Once upon a time I would play Halo to the detriment of almost all other games. All I cared about was getting better at Halo. It was about learning maps inside out, memorising short cuts, practicing BXRs until it was imprinted onto my muscle memory. It got me wondering: what would it take for Halo, as a franchise, to bring me back to that level of commitment? In fact, let's scale back. What would it take to convince me to simply play Halo multiplayer again?
Today Halo 4 is about to receive an update, you can check out the details here. The update mostly involves tweaks to existing weapons, the biggest game changer I suspect will be the Battle Rifle's return to a four-shot kill weapon. The Carbine has also received a sizable damage upgrade and I suspect these changes are an attempt to nerf the overpowered DMR.
But it's hard for me to say, because it's been so long since I've played Halo 4, and I didn't really play it that much to begin with.
In all honesty Halo 4 was the game that killed Halo's multiplayer stone dead to me. In an attempt to cater to fans of Call of Duty and Battlefield the game made a number of concessions that actually ended up removing Halo's unique point of difference. Ordnance drops, upgradeable abilities — 343 tweaked the fundamentals of the game in all the wrong directions and flattened the skill gap in the least imaginative of ways.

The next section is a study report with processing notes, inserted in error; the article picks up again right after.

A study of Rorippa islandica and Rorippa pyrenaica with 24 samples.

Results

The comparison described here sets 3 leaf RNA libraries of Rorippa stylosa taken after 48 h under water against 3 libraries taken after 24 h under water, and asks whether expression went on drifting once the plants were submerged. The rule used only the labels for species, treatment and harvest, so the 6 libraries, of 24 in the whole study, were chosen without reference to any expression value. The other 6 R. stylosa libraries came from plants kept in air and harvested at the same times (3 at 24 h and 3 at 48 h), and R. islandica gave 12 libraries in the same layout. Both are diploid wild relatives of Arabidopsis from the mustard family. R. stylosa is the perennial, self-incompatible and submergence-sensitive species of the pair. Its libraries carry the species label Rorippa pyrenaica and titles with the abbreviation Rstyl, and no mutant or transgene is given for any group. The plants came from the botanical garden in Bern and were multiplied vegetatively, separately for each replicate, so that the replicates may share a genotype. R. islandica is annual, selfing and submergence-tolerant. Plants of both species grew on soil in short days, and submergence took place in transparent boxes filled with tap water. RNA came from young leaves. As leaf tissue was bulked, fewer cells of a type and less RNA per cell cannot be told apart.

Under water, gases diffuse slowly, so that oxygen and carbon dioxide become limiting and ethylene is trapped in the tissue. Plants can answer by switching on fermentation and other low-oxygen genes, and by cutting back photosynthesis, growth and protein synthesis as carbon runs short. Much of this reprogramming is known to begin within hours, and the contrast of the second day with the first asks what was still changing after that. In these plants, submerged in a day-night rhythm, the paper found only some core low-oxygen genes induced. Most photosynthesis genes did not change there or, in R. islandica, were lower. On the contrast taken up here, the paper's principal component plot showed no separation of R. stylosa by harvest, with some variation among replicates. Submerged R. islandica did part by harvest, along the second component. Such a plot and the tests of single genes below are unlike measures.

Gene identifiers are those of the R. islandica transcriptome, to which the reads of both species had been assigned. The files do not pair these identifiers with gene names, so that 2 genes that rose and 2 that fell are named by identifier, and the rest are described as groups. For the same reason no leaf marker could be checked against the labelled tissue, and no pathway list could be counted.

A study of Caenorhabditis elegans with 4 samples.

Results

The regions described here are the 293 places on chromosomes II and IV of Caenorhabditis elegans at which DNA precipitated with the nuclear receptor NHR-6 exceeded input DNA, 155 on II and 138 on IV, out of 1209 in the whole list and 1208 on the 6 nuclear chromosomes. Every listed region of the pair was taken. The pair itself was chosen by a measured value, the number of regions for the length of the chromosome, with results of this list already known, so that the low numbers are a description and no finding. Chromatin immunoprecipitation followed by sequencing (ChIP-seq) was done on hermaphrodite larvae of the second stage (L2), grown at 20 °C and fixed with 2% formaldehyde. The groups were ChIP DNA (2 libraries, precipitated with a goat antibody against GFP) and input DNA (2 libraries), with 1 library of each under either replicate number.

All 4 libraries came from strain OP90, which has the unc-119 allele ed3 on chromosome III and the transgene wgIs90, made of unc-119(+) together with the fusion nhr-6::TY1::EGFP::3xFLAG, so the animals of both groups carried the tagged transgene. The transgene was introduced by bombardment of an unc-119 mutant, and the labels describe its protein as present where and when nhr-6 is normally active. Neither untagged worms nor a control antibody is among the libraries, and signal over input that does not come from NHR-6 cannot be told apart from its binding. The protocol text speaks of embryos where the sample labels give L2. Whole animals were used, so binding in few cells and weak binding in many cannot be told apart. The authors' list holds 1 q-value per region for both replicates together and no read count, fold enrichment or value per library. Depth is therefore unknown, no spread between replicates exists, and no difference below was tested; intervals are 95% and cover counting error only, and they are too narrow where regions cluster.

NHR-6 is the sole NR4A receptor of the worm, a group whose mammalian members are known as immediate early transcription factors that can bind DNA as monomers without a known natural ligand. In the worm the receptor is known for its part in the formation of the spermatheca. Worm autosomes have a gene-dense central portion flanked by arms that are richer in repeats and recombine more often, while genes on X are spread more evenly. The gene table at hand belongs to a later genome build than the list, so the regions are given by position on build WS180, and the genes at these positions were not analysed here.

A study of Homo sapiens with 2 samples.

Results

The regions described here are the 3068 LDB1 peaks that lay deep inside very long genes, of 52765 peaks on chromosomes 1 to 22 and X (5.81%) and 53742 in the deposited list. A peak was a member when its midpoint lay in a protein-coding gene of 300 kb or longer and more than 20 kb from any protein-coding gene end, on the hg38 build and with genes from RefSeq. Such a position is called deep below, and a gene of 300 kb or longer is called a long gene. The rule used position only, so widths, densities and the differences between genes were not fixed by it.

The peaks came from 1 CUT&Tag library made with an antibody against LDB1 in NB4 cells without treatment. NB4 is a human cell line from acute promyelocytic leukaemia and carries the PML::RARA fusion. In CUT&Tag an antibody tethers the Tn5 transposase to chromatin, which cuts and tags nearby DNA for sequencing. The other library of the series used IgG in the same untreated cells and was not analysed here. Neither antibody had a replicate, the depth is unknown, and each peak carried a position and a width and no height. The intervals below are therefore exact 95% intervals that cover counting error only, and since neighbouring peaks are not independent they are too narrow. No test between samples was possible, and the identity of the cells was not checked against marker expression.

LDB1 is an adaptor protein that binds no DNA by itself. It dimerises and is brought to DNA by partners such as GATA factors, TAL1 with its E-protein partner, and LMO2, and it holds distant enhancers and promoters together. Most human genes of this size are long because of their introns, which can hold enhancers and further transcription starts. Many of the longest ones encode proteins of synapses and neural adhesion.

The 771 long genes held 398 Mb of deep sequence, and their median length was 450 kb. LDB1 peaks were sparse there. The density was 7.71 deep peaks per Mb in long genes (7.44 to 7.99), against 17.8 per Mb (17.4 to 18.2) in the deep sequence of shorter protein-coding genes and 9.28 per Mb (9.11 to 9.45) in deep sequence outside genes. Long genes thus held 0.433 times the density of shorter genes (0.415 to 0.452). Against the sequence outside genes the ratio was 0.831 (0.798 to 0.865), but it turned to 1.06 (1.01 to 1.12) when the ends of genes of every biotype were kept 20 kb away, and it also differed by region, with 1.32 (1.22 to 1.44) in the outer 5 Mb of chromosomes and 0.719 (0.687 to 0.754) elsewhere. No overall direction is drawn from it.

It'll take a lot more than some subtle weapon changes to bring me back.
And saying those words is genuinely painful. I've spent a ponderous amount of hours playing the Halo series. Mastering the maps, the weapons, reading up on techniques, watching pro events — but Halo 4's multiplayer, almost immediately, felt like a waste of my time. And it's the game that put the final nail in the coffin for competitive Halo, a scene I was heavily invested and involved with.
With the next Halo game I hope 343 Industries has the personnel and the initiative to truly reinvent Halo's multiplayer in a way that respects its core audience a little more. Halo always felt unique, it had its own set of rules and a style of play that rewarded players properly, with skills and knowledge — as opposed to the gamified COD-style upgrades we have to endure now. Why not work more closely with MLG? Build a game that works for the people who will spend the most time playing? When a game feels balanced from the ground up there is a genuine trickle down effect. Even casual players, on some level, will feel it.
I noticed that Microsoft is currently hiring a new Multiplayer designer for the next Halo. Here's hoping the team strips Halo back to its core elements and creates something worth playing again. Because I really miss playing Halo.